Topics in Health: Lessons From The Field

Getting the data was the hard part. Asking standout schools how they were curbing bullying was easy.

(Photo by Will Lester, Inland Valley Daily Bulletin/SCNG)

More and more educators agree that a school’s climate helps determine student success.

A student cannot learn unless they are happy, healthy, well-fed, and housed. That's why so many school districts around the United States now spend so much time on these issues. And to guide them, they use school climate surveys to determine student needs.

(Even if your state doesn't administer a survey, the federal Department of Education's National Center on Safe Supportive Learning Environments collects state-level data.)

In California, the most popular survey is the California Healthy Kids Survey. It’s given to students at about 70% of the state's roughly 1,000 public school districts.

It's in-depth, but it's not perfect. Primary students and secondary students are asked different questions, even on the same topic. But even just limiting my focus to responses from seventh, ninth and 11th graders across roughly 700 school districts provides a lot of valuable data.

I've used this data set twice. The first time was to look at suicidal thoughts reported by students. The second time, for the Center for Health Journalism's 2021 Data Fellowship project, to look at levels of reported bullying. In each case, I then used the data to look at what districts with the lowest reported levels in these anonymous surveys were doing that might explain the results.

There’s an online dashboard for this data, allowing the public to look at a wide variety of conditions in school districts across the state.

The problem is that the dashboard allows the public only to look up one district at a time, one year at a time. I wanted to look at more than a single year's worth of data, to smooth out statistical hiccups and get a more accurate look at what was happening in schools.

In theory, I could look up about 700 school districts five times each, recording the data I wanted after each time. But making 3,500 manual inquiries would be pointlessly time-consuming. (My newsroom, like many others, doesn't have nearly the manpower it once had, even if I was willing to do this manually.)

The good news is that those online dashboards run off a spreadsheet or database. The bad news is that those raw data files are seldom available with a single download. (It happens, and it’s a delight when you see it, but it’s rare.)

And there was an added complication. The survey isn’t conducted by the state — making it an inarguable public record — but instead, by a nonprofit.

The nonprofit, WestEd, is education-focused, so I suspected I'd find a sympathetic audience there. But the survey occupies a weird limbo. It's distributed by WestEd, but on behalf of the California Department of Education. They first had to figure out who could release the data to me.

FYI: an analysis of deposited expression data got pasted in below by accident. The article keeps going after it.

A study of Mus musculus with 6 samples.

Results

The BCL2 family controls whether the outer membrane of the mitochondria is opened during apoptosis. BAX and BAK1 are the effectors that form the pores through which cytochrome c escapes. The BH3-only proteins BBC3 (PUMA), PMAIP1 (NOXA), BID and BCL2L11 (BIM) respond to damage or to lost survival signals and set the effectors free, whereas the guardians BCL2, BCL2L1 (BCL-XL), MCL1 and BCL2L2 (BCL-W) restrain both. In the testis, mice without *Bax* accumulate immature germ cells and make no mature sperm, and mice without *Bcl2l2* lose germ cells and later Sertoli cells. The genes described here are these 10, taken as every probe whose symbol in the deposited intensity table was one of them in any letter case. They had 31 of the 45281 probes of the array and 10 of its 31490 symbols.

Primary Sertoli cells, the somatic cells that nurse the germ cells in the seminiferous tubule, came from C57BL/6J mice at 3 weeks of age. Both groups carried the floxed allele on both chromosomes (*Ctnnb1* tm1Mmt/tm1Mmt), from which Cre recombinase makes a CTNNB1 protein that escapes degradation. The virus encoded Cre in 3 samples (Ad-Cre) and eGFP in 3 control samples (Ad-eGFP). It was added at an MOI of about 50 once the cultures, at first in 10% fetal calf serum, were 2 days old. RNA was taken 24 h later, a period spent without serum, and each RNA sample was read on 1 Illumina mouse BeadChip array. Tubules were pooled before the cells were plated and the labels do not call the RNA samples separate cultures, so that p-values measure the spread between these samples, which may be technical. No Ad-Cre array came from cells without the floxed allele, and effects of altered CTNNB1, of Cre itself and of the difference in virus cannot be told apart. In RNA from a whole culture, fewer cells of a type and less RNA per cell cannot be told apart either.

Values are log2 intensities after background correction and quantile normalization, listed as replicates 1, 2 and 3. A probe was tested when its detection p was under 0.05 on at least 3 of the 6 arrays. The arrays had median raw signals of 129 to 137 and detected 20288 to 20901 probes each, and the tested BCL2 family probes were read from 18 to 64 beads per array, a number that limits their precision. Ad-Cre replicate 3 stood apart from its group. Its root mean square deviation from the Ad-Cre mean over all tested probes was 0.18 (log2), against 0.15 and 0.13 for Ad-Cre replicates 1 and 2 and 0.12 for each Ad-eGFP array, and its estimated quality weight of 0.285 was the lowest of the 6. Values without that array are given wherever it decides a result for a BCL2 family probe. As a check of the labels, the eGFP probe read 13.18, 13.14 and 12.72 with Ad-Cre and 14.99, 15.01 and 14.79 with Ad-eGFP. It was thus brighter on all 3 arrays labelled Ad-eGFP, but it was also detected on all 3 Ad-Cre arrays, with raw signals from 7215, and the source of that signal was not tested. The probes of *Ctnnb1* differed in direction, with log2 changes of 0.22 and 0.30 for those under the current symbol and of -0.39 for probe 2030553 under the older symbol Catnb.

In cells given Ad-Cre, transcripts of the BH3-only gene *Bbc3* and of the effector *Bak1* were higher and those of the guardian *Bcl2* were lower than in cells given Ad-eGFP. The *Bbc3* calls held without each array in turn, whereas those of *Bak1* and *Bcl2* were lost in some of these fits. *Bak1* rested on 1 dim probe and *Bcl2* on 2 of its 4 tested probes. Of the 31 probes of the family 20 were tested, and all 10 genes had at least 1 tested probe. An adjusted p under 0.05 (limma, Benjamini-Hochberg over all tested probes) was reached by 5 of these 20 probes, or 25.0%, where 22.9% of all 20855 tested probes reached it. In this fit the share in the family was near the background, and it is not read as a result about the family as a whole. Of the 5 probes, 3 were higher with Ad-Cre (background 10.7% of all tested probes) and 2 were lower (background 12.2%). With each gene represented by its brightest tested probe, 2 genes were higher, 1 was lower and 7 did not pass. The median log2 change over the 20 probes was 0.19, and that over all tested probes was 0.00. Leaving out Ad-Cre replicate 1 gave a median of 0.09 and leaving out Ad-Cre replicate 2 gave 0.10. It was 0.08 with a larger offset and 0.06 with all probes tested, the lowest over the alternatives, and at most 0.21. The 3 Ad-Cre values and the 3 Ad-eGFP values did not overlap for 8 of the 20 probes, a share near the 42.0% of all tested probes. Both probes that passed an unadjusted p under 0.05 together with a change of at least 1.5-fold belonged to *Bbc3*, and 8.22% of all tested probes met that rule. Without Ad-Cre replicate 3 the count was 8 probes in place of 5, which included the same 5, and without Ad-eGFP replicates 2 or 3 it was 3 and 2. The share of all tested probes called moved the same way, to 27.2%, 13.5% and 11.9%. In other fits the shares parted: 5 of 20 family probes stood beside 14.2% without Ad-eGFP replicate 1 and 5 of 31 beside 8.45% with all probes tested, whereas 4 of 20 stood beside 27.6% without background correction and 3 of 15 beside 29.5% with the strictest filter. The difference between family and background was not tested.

Eventually, it became clear the state was handling the request. Then it was just a matter of getting the data.

My initial contact at the department of education — no longer there — at first insisted that the data dashboard was sufficient for the public’s needs. In other words, I'd need to make those 3,500 manual inquiries.

But the Healthy Kids survey dashboard runs on Tableau, an online data visualization tool that uses spreadsheet data. Getting a single spreadsheet with all the data would make life a lot easier than jumping through the same hoop 3,500 times. Once I was able to convince the spokesperson to actually check with the data folks, the files came soon after and were easy to work with. Getting to that point was the hard part.

Once I had the data in hand, the hard part was over, for both my suicide and bullying projects. Yes, the numbers had to be crunched to create an aggregate score over time, along with looking at changes over time, and outlier districts with tiny enrollments had to be excluded, but that was handled in a single work day.

After that, it was a matter of cold-calling districts with an atypically happy inquiry for a reporter to spring on government officials out of the blue:

“You’re doing something right, and making students’ lives better, and potentially saving lives. Tell me what you're doing, so other districts can do the same.”

Unsurprisingly, most districts were happy to respond and talk about their successes. In every case, officials said they had made conscious efforts to improve school climates. And they had concrete examples of the steps they were taking. The best news was that many of them told me the same things, meaning these were likely the elements that worked across districts.

Both projects were widely read and widely discussed among parents and educators. In the month since my bullying project was published, I've heard from school board members, teachers, families and a lawyer who represents severely bullied children. All had been looking for a toolbox of proven steps to reduce bullying in their school districts.

I’m hoping the next time someone looks at reported bullying levels among California students, we'll see a measurable decline. 

Both the suicide and bullying projects were born out of tragedies. Four local students killed themselves in the first three weeks of the 2018-19 school year. A year later, a middle school boy was beaten to death by two bullies in September 2019, in the week that the bullying project was published.

My hope is that my work will mean fewer such tragedies happen in the future.